Hurricane Michael has claimed seven reported lives in Florida, Georgia and North Carolina.
Michael, which experts are categorizing as one of the most intense hurricanes to make landfall in U.S. history, has taken out entire towns in its journey on land, and it essentially leveled Mexico Beach, Florida, on Thursday, according to FEMA Administrator Brock Long, who described the area as “ground zero.”
While the death toll could rise once officials and first responders get through the debris, USA Today reported seven deaths so far as the hurricane relaxes to a tropical storm: five in Florida, one in Georgia and one in North Carolina.
Out of five dead in Florida, four were from Gadsden County alone, while an 11-year-old in Georgia was killed when a carpet flew through her home and a man in North Carolina was killed from a falling tree.
“It’s like a war zone or something out or a horror movie,” Panama Beach resident Peter Muller told USA Today.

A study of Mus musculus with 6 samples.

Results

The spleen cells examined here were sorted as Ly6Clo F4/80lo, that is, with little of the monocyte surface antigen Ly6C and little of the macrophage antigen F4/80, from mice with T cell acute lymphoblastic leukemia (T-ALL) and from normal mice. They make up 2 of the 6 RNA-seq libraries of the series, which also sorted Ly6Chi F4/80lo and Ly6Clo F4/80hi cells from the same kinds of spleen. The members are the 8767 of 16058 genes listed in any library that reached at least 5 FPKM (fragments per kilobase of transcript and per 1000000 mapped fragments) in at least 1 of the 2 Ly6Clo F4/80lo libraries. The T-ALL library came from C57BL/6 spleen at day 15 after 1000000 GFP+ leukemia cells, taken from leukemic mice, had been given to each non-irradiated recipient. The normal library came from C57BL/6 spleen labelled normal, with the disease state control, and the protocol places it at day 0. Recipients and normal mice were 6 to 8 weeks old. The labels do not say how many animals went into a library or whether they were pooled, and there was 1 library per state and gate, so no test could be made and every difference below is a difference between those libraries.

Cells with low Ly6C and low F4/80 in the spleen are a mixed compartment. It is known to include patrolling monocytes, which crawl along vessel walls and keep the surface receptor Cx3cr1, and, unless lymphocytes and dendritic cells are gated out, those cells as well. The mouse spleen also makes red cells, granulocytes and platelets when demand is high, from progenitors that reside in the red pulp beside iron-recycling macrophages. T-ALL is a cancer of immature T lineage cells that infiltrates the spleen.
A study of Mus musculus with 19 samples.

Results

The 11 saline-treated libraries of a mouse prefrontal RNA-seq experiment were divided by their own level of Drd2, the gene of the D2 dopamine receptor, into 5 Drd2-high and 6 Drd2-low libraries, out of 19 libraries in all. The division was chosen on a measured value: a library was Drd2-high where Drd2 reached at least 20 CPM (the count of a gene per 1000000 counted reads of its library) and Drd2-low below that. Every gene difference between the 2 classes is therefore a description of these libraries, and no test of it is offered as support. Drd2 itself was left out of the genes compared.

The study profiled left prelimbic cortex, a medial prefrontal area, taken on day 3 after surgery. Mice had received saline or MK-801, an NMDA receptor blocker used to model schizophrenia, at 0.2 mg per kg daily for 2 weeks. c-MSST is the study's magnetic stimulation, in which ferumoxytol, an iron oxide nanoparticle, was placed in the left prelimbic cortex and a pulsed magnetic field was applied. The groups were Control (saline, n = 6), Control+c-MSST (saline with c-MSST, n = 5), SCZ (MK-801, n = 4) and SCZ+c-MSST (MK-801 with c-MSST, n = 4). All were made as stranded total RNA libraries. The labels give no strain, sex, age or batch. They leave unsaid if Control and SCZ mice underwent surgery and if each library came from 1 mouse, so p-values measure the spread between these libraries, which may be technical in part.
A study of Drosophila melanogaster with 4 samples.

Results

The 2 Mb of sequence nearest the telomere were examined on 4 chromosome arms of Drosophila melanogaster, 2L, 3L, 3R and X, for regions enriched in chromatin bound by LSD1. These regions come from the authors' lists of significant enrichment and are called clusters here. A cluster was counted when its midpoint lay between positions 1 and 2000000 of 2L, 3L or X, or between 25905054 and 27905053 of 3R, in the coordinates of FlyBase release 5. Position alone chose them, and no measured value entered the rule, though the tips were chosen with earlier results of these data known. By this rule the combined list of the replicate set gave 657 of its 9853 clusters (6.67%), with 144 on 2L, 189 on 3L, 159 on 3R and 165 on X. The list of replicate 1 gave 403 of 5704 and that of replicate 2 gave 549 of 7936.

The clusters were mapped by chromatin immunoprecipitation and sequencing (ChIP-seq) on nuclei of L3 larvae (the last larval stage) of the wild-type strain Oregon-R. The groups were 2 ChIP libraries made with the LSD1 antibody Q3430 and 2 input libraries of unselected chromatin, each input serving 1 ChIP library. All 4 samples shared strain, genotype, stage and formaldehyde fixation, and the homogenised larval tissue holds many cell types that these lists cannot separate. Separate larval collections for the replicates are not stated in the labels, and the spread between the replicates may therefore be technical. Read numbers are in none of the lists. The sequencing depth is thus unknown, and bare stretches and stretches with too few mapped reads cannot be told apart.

Courtesy LSM/Brandon Clement pic.twitter.com/hqHTdkOz2E
— ABC 33/40 News (@abc3340) October 11, 2018
On top of the deaths, nearly 600,000 residents in two states have lost power, while another 170,000 are without power in Alabama and both the Carolinas, where residents could see up to nine inches of rain in the coming days, according to the National Hurricane Center. (RELATED: Here’s A Breakdown Of What Michael Left In Its Aftermath)
At 5 p.m. local time, Michael’s center was about 20 miles northwest of Raleigh, North Carolina, moving at about 25 mph, compared to its 155 mph winds at landfall.
CNN decided Thursday to cancel a scheduled Senate debate in Florida between Democratic Sen. Bill Nelson and Republican Gov. Rick Scott, citing the hurricane’s devastation in their state.